How Long to Learn a Language According to the FSI
The FSI, US Foreign Service Institute, divides languages into groups of difficulty for speakers of English:
French, German, Indonesian, Italian, Portuguese, Romanian, Spanish, Swahili
Bulgarian, Burmese, Greek, Hindi, Persian, Urdu
Amharic, Cambodian, Czech, Finnish, Hebrew, Hungarian, Lao, Polish, Russian, Serbo-Croatian, Thai, Turkish, Vietnamese
Arabic, Chinese, Japanese, Korean
The FSI 5 levels of proficiency
The person is able to satisfy routine travel needs and minimum courtesy requirements. I have to admit that I have never found this minimum level really works that well beyond saying hello and asking for the bathroom.
Limited working proficiency
The person is able to satisfy routine social demands and limited work requirements. This is a limited ability to converse and really only a step towards real fluency.
Minimum professional proficiency
The person can speak the language with sufficient structural accuracy and vocabulary to participate effectively in most formal and informal conversations on practical, social, and professional topics. This is the first level that is useful in real situations. This probably corresponds to B2 on the European Framework of Reference. This is what I always aim for.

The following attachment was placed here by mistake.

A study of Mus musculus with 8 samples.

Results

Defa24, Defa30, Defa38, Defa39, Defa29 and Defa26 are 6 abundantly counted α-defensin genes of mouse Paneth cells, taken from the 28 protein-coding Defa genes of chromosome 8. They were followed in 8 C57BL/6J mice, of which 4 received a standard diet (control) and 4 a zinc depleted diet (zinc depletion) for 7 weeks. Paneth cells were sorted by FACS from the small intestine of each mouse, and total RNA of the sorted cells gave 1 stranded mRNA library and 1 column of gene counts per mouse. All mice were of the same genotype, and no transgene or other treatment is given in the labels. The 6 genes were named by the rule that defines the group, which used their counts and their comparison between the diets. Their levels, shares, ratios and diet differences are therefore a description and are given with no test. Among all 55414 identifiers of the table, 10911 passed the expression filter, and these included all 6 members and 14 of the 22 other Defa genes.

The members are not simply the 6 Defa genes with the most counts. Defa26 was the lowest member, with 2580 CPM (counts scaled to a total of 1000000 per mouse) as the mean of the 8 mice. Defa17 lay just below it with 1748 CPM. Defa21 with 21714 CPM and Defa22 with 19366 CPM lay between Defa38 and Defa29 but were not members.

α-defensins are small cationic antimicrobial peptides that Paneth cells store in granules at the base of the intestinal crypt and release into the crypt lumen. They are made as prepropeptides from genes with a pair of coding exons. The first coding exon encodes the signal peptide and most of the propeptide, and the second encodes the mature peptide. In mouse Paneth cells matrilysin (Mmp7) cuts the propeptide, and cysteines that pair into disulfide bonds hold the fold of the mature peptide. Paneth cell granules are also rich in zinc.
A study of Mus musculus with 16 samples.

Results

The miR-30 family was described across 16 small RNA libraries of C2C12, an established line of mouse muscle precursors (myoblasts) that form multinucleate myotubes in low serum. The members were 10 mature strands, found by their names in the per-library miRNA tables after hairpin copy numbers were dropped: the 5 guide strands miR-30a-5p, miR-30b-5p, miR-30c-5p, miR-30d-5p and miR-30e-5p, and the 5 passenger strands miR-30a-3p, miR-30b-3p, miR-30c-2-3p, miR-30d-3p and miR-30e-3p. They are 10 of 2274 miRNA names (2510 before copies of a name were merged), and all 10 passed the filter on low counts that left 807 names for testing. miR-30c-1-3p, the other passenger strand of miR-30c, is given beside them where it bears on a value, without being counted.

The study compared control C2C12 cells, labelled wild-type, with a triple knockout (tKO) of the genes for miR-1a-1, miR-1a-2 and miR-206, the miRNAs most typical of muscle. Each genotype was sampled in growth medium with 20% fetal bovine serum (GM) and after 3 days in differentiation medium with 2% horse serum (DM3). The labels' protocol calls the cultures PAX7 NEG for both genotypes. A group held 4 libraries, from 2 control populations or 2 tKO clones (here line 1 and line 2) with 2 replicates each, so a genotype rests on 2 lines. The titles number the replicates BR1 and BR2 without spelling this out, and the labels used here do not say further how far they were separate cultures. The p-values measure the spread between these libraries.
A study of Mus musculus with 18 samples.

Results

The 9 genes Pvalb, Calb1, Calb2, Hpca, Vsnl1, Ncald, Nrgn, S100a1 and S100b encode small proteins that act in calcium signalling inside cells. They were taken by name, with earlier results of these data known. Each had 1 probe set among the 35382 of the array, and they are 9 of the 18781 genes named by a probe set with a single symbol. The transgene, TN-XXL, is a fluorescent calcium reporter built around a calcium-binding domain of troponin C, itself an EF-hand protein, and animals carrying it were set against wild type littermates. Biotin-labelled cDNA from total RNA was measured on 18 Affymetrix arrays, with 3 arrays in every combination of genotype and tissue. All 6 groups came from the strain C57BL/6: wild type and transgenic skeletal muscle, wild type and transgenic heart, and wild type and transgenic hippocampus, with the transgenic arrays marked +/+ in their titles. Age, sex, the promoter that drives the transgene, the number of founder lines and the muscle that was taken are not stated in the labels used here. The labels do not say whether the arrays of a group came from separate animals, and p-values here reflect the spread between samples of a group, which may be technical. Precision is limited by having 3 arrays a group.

Full professional proficiency
The person uses the language fluently and accurately on all levels normally pertinent to professional needs. This is nice if you can achieve it but takes a long time.
Native or bilingual proficiency
The person has speaking proficiency equivalent to that of an educated native speaker. This is rare.
On this scale, I would call limited working proficiency above basic conversational fluency
FSI research indicates that it takes 480 hours to reach basic fluency in group 1 languages, and 720 hours for group 2-4 languages.